HATTIESBURG - The University of Southern Mississippi has teamed with a Spanish university to explore scholarly and economic development opportunities using virtual reality technologies.

On Monday, members of the International Center for Engineering Education (ICEE), a multidisciplinary educational development and research hub housed at Southern Miss, hosted Dr. Jorge Capote, director of the Grupo de Investigacion y Desarrollo de Actuaciones Industriales (GIDAI). The purpose of the trans-Atlantic visit was to discuss an initiative that would allow the universities to share information and collaborate on engineering projects in real time, using both existing and newly developed methods.

Housed at the University of Cantabria in Spain, the GIDAI focuses on the application of modern techniques for the design, planning and organization of construction projects.

"Virtual reality is a visual tool," said Dr. Tulio Sulbaran, professor of construction engineering technology at Southern Miss. "Most of our engineers are visual learners, therefore we believe that using virtual reality in English and any language, including Spanish, should enhance the learning experience of our students - whether in construction, polymer science or industrial safety."

The author of numerous books and monographs about construction equipment and fire safety, Capote has participated in the planning and construction of numerous industrial, commercial and residential projects in Latin America, Africa and the Middle East. Through an interpreter, Capote said that construction engineering and fire protection are the two main lines of investigation for his group, GIDAI.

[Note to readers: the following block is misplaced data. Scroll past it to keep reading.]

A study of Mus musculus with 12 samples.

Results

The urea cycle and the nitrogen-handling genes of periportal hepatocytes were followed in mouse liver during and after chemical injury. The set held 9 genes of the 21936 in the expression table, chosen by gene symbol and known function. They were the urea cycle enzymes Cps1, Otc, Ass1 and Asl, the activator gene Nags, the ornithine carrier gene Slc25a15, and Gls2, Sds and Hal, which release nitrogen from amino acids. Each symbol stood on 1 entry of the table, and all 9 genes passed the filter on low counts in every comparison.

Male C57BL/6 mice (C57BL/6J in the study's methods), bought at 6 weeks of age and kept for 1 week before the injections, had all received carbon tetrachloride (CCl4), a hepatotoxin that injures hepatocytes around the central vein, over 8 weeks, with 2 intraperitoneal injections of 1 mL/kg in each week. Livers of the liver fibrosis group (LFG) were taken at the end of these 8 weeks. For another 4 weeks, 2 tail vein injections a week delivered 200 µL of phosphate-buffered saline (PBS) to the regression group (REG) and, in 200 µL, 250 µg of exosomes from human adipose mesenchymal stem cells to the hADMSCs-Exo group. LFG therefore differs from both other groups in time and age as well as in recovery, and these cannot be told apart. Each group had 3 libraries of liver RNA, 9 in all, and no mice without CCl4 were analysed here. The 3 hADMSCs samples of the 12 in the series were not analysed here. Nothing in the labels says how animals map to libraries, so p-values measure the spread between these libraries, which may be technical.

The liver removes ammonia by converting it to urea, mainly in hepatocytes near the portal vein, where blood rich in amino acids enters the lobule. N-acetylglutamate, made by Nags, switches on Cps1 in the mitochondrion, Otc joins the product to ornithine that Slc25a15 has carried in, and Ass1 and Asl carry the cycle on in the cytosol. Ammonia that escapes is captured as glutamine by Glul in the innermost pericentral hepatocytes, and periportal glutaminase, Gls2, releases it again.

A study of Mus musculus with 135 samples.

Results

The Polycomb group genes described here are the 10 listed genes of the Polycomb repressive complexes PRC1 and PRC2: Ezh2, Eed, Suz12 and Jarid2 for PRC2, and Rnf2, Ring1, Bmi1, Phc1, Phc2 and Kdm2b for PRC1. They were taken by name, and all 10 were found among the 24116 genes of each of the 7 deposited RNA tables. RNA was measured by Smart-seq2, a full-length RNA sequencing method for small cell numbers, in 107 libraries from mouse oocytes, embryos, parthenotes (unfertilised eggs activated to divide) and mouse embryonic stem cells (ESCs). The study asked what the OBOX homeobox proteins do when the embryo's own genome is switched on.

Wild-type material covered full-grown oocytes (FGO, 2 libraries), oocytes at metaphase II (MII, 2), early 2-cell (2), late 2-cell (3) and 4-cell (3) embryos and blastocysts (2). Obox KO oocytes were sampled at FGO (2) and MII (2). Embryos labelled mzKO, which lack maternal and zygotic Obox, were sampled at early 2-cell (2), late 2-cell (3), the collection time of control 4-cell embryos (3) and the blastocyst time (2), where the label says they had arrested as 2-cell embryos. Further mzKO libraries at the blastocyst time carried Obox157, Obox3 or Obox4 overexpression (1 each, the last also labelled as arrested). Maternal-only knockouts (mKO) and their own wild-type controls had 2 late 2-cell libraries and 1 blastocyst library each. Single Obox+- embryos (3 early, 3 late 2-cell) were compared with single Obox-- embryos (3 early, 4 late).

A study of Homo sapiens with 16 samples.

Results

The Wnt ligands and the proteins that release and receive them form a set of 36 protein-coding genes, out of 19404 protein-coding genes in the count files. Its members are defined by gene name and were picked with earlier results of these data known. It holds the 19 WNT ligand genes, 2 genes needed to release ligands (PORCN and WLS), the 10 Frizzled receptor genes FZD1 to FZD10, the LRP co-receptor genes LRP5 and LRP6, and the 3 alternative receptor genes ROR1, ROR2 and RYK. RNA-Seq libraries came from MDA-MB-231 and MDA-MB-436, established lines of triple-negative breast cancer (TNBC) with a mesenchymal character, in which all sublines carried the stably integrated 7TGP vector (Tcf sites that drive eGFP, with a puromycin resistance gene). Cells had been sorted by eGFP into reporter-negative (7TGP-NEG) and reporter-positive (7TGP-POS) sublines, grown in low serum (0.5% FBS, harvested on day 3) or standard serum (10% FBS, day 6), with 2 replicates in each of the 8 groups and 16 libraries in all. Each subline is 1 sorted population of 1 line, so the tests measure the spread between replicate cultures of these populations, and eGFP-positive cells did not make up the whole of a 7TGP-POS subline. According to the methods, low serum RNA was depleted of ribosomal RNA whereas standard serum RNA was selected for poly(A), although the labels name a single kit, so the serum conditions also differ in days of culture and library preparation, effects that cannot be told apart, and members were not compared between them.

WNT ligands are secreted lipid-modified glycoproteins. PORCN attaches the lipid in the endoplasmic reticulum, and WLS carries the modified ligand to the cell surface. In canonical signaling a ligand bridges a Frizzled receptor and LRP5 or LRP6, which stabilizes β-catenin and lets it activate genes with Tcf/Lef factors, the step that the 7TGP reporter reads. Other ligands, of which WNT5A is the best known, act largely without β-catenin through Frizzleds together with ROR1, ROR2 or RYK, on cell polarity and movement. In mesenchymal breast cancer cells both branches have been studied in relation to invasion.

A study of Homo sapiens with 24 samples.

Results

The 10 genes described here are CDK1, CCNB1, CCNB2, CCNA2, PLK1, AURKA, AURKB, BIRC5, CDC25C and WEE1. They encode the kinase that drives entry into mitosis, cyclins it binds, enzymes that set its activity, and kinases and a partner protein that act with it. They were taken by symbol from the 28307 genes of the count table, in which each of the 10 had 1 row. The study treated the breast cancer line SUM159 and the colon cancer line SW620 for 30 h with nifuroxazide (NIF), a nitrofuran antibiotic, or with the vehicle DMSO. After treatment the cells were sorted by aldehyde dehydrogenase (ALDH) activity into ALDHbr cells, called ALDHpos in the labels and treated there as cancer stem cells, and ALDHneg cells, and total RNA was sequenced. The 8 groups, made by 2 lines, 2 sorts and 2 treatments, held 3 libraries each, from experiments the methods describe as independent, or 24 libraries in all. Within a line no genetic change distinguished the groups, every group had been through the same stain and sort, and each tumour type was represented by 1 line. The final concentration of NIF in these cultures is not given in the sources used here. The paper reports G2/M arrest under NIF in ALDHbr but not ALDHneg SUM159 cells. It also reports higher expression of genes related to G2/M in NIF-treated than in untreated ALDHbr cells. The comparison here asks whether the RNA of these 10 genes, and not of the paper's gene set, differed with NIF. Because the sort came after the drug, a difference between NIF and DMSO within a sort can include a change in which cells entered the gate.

"We're delighted to welcome Dr. Capote to Southern Miss and to discuss prospective areas of collaboration between our institutions," said Susan Steen, director of the Center for International and Continuing Education.

"We believe our conversations will lead to terrific opportunities for partnerships in research, economic development, and student and faculty exchanges that will benefit both institutions."

Project possibilities discussed in Monday's day-long visit with Capote included voice communication in virtual reality environments and characteristics of virtual environment education. Others included virtual reality environments of a building construction timeline and the evaluation of professional scheduling practices and related training issues in Mississippi.

William Crosby, an instructor in the School of Engineering Technology, said the initiative would enable his students at Southern Miss to expand their educational opportunities by collaborating with students in Spain, and eventually, across the globe.

"My seniors currently do a project and collaboration, and they must be able to have meetings in a virtual way," Crosby said. "They talk in real time and put their projects online. That same idea, we feel, can be expanded globally."